A New American Reality TV Show
Number of times Ronald Reagan was mentioned: 26
Number of times Hillary Clinton was mentioned: 9
Number of times the phrase “Defund Planned Parenthood” was mentioned: 6
Number of times something intelligent was mentioned: 0
23 million people tuned in Sept. 16 to watch three hours of continuous lies, accusations and at times laughable “debate” during the second GOP primary debate hosted by CNN at the Ronald Reagan Presidential Library. The 11 leading Republican candidates were positioned on stage based on their rankings in recent polls and were each supposedly allotted equal time to talk over each other.
Ronald Reagan’s presidential plane was the backdrop for the event. Some may think the plane was there to reinforce to viewers that Reagan is the patron saint of the modern Republican party, but in reality CNN was hoping the candidates would file onto the plane, fly away and disappear into the Pacific Ocean never to be found again — just so they could have something to cover for the next six months.
There were plenty of enlightening moments in the debate when candidates shed light on issues of great importance. Carly Fiorina spoke passionately about a Planned Parenthood video containing allegations that have since been proven false. Sen. Ted Cruz feverously declared that he would “rip to shreds” the Iran Nuclear Deal on day one of his presidency and as the New Yorker headline stated: “Ben Carson Shattering Stereotype About Brain Surgeons Being Smart.”
The debate offered viewers insight into some of the many issues that divide the Republican party. Candidates sparred over foreign policy as well as their dissatisfaction with current and past domestic leadership, and some deep divides between the extreme right and the more central factions of the Republican party were revealed throughout the debate.
Ohio Gov. John Kasich criticized Cruz for his previous comments on the Iran Nuclear Deal and disagreed with Cruz that shutting down the government over the federal funding received by Planned Parenthood is a viable strategy. Former Gov. of Arkansas Mike Huckabee called the arrest of Kim Davis, a county clerk in Kentucky who refused to issue a same-sex marriage license because of her religion, the “criminalization of her faith,” while Jeb Bush, former Gov. of Florida, had disagreed, previously saying that Davis was sworn to uphold the law. However, Bush backtracked those comments in his statements at the debate.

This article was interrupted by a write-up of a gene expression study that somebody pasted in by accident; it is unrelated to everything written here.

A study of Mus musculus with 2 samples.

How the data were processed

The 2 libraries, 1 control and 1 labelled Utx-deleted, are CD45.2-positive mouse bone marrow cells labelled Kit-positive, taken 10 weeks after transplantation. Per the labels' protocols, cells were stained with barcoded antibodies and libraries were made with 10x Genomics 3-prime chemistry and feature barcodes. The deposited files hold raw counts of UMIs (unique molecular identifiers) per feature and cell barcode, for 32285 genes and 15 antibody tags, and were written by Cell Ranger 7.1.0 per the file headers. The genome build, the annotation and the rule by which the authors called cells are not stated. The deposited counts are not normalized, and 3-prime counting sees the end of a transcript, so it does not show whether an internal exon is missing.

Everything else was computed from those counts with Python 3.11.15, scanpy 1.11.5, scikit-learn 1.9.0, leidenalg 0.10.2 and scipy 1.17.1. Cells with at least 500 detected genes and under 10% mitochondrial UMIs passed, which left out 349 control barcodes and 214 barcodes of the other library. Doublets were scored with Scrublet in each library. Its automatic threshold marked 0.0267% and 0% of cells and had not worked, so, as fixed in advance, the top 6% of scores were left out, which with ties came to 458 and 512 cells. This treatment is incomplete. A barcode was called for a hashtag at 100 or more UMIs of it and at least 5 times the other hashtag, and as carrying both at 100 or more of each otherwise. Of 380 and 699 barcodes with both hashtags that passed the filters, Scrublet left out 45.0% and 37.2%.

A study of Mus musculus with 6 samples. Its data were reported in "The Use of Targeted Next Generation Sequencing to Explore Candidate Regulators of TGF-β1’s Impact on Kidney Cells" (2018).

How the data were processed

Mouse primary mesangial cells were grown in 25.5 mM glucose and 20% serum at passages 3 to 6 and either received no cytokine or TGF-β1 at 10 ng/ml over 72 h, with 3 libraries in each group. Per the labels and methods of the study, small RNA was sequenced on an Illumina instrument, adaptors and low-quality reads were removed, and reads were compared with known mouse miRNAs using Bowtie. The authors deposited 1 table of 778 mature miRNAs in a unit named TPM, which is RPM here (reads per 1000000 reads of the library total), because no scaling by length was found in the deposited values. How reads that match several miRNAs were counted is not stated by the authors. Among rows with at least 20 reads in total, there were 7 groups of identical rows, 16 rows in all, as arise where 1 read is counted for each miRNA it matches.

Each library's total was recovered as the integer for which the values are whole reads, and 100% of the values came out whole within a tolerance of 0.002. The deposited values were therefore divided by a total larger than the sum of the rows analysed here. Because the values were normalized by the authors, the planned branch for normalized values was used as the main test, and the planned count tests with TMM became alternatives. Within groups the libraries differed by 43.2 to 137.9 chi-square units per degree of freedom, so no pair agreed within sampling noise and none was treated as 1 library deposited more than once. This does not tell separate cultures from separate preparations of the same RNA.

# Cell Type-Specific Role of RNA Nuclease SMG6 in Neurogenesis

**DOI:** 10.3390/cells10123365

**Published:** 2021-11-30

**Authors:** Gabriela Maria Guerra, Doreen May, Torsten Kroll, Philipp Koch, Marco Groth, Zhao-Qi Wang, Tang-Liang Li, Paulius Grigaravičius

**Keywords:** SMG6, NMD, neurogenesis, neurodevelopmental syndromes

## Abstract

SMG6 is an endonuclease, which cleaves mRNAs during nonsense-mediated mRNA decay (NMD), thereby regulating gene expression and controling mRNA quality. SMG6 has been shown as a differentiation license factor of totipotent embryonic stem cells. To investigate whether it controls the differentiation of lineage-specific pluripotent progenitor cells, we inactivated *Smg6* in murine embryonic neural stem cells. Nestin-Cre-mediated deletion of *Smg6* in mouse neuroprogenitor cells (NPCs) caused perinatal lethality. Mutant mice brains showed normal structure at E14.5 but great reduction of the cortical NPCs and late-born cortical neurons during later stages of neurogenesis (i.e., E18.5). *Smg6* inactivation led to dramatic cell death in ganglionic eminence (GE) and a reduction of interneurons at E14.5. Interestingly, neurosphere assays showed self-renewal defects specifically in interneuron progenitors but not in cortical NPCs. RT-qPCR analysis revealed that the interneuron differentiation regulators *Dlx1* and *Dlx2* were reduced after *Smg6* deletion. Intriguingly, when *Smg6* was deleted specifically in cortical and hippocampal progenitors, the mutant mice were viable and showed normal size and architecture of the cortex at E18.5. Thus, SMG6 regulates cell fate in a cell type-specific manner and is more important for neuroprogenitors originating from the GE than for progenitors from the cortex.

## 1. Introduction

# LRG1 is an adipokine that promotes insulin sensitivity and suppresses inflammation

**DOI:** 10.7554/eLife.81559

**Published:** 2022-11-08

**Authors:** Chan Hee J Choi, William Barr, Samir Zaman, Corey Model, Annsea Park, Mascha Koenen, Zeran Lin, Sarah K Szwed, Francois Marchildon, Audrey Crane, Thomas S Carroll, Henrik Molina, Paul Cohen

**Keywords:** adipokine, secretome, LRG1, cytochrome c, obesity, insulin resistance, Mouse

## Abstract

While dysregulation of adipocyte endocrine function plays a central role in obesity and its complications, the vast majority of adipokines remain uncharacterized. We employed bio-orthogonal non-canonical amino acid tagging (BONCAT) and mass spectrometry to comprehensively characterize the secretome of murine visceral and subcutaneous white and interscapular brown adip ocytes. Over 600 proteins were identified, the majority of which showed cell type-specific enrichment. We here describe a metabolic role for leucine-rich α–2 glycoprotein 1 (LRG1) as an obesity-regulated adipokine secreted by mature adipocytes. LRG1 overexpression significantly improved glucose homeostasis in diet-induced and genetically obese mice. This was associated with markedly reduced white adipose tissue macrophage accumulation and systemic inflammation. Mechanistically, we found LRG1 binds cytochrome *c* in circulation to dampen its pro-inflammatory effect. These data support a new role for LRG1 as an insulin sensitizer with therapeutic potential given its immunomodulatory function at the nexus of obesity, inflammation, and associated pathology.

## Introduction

The debate took a personal turn when the topic of immigration came up. Bush demanded that Donald Trump apologize for suggesting that Bush’s views on immigration were shaped by his marriage to his Mexican-born wife. Trump responded with a “surprising” “No, I won’t do that, I’ve said nothing wrong.” The two did not stop there. They continued to argue over the popular Republican topic of women’s health. Debate moderator, Jake Tapper brought up a comment Bush had previously made in regard to women’s health. Bush had stated he’s “not sure we need half a billion for women’s health issues.” Tapper’s reiteration of what Bush said prompted Trump to say one of his most ironic lines of the night, “I will take care of women, I respect women.”
Toward the end of the debate, the questions became easier and geared less towards Trump, previously made comments by Trump, or just reactions by Trump. However, Some candidates looked as if they had been running a marathon, like Sen. Marco Rubio, who was wiping sweat from his forehead and Wisconsin Gov. Scott Walker, whose face was sweating like Richard Nixon when he faced off against John. F Kennedy, but without Kennedy and with more sweat. Walker, obviously too worn out from the debate to continue, has since dropped out of the race.
One of the last questions of the night was from Tapper who asked which woman each candidate would put on the $10 bill. Answers ranged from Rosa Parks to the candidate’s mothers and wives to the most creative answer from Bush who named a non-American, Margaret Thatcher, as his choice.
According to polls on Oct. 7, Trump is still in the lead at 22.8 percent, followed by Carson at 17.3 percent and Fiorina at 11 percent. However, as of Oct. 12, Trump had risen to 28.5 percent, with Carson at 19.6 percent. Fiorina has dropped down to sixth place and is garnering 6.3 percent of the support.
This election season has seen around the clock media coverage like no other and it is fitting that Trump, a previous reality-show star, has become the main focus of an otherwise dull process. It seems to be that the only difference between this Republican fight for the nomination and Trump’s popular reality TV show is that in one, Trump is firing people and running his own company for an audience of millions, and in the other Trump is firing at candidates and could possibly be running the entire country by January of 2017.
Parita Desai is a freshman journalism major. You can email her at email@example.com.